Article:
Some AVMs may never cause any symptoms. Others may cause serious symptoms such as:

  • Bleeding
  • Headaches
  • Loss of speech
  • Memory loss
  • Paralysis
  • Seizures
  • Vision loss

If an AVM bleeds, it can put you at risk for severe neurological problems and even death.

Neurology experts at The University of Miami Health System diagnose and treat AVMs using the latest technology. We work to identify AVMs early to prevent serious complications.


Magnetic Resonance Imaging (MRI)
An MRI allows your physician to see the blood vessels in your brain and identify any AVMs. Your doctor may use a special dye to see your blood vessels even more clearly.

Computed Tomography (CT) Scan
Computed tomography is a type of X-ray that takes many images of your brain. With the use of special dye, CT scans allow your physician to see the blood vessels in your brain.


Embolization is an interventional procedure to block blood flow to the AVM. It uses a special type of glue. You may receive embolization to help reduce blood loss.

Gamma Knife® Radiosurgery
Gamma Knife radiosurgery uses precisely targeted beams of radiation to shrink the AVM. The radiation is weak throughout the beams, but strong where all the beams meet. Over time, the AVM shrinks until blood no longer flows through it.

A neurosurgeon can treat an AVM by removing the abnormal blood vessels and redirecting blood flow to healthy vessels. This treatment prevents an AVM from bleeding.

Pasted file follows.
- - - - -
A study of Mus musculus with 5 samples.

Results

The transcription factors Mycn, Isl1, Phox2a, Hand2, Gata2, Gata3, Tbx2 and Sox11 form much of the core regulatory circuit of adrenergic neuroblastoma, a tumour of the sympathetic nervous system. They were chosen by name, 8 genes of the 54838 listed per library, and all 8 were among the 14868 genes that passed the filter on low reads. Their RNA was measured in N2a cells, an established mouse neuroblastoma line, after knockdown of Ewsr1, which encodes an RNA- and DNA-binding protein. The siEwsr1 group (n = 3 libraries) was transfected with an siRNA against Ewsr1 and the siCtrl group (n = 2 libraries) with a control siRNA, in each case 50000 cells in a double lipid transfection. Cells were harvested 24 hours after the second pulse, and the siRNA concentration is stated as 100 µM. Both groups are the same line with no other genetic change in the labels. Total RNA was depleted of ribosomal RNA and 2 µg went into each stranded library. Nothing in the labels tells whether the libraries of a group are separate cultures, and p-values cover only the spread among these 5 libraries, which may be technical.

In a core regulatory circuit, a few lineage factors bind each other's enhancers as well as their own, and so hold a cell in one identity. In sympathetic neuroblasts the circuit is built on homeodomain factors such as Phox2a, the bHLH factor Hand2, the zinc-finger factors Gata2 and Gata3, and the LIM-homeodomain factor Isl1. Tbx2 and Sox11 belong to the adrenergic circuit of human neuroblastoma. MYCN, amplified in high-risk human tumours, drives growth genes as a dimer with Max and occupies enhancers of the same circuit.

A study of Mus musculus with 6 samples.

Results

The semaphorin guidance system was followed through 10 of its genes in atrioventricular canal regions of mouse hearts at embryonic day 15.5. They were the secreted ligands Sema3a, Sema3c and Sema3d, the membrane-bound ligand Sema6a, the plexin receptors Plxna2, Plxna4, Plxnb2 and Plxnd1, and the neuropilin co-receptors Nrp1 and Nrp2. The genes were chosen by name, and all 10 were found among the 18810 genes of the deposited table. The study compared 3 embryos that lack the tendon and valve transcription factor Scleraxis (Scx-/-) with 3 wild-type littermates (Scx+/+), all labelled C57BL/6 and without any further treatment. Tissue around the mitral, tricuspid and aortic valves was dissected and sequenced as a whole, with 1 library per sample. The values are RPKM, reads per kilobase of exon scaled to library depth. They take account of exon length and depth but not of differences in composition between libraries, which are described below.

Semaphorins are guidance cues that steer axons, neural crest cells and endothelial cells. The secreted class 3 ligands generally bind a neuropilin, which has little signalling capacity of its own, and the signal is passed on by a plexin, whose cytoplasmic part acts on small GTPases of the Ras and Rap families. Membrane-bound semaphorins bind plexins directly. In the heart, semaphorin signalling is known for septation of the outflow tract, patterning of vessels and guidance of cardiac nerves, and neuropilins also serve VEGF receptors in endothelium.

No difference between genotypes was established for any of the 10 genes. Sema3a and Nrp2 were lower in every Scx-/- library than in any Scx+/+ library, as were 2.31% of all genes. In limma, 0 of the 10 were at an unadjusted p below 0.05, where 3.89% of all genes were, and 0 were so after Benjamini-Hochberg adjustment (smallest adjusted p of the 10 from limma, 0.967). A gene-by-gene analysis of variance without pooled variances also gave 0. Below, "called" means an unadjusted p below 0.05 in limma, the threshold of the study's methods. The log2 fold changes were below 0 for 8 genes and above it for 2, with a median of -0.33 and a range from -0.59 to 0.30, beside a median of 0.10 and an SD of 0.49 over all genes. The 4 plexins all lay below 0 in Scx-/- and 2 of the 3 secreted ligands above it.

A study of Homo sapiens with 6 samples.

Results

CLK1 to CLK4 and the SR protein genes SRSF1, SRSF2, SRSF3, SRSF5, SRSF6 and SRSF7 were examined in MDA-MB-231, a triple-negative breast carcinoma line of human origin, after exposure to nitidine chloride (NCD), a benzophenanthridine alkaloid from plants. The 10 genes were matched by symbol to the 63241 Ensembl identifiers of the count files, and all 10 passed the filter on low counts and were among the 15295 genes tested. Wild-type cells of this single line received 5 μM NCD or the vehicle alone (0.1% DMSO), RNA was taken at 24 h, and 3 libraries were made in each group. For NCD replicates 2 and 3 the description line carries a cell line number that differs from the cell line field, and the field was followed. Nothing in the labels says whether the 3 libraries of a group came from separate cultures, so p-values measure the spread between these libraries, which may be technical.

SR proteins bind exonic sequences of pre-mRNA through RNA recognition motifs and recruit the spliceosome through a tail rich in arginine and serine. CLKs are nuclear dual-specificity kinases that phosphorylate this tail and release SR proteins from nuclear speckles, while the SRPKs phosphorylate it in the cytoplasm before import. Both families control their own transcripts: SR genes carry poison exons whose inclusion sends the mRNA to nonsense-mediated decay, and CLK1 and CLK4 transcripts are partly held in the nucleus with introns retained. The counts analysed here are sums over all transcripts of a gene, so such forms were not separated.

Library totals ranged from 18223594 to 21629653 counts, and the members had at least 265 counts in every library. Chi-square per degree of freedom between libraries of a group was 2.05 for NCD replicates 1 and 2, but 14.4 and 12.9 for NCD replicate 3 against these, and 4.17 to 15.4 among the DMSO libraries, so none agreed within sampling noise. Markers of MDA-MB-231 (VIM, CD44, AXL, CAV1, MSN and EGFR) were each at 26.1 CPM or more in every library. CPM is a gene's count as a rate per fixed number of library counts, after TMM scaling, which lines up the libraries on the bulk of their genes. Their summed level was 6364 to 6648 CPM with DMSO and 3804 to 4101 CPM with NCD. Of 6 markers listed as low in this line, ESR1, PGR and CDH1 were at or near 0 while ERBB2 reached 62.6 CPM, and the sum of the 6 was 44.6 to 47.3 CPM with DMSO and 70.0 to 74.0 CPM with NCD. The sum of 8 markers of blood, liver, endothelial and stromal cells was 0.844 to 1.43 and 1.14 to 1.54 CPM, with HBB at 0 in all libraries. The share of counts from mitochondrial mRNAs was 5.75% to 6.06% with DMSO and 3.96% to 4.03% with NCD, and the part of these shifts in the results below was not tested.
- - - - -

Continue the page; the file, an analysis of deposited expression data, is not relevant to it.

Why Choose UHealth?

A top-rated neurology team. We specialize in headaches, so you know you are getting neurologists with specific experience. When you meet with our specialists, they obtain an accurate diagnosis and develop a headache care plan that emphasizes prevention, risk reduction, safety, and return to well-being. Consultation and referral services are enriched with patient education and interdisciplinary referrals, when appropriate.

Specialized headache services. Did you know that 30 percent of people who are sent to specialized centers for difficult seizures find out they were misdiagnosed?  An inaccurate epilepsy diagnosis could mean years of costly and unnecessary medications. The expert physicians at our state-of-the-art International Comprehensive Epilepsy Center (ICEC) provide you with a comprehensive medical evaluation, so you get the right diagnosis and the right treatment the first time you are evaluated.

High case volume. Our neurologists are experienced and knowledgeable. The number of patients our department has cared for is impressive; as an example, there are about 2,500 patients with movement disorders, 2000 patients with multiple sclerosis, 1000 patients with cognitive impairment, 1500 with stroke and about 300 patients with amyotrophic lateral sclerosis (ALS).

Neurocritical care. Our physicians are internationally trained and staff two intensive care units: a 24-bed unit located at Jackson Memorial Hospital and an 8-bed unit at UHealth Tower.

Surgical expertise. We see more than 14,000 patients each year and perform more than 4,000 surgeries. Our experienced neurosurgeons are consistently pioneering new treatments. From minimally invasive spine surgeries to awake craniotomies, we offer unique surgeries you cannot find anywhere else in the region to treat your injuries and conditions.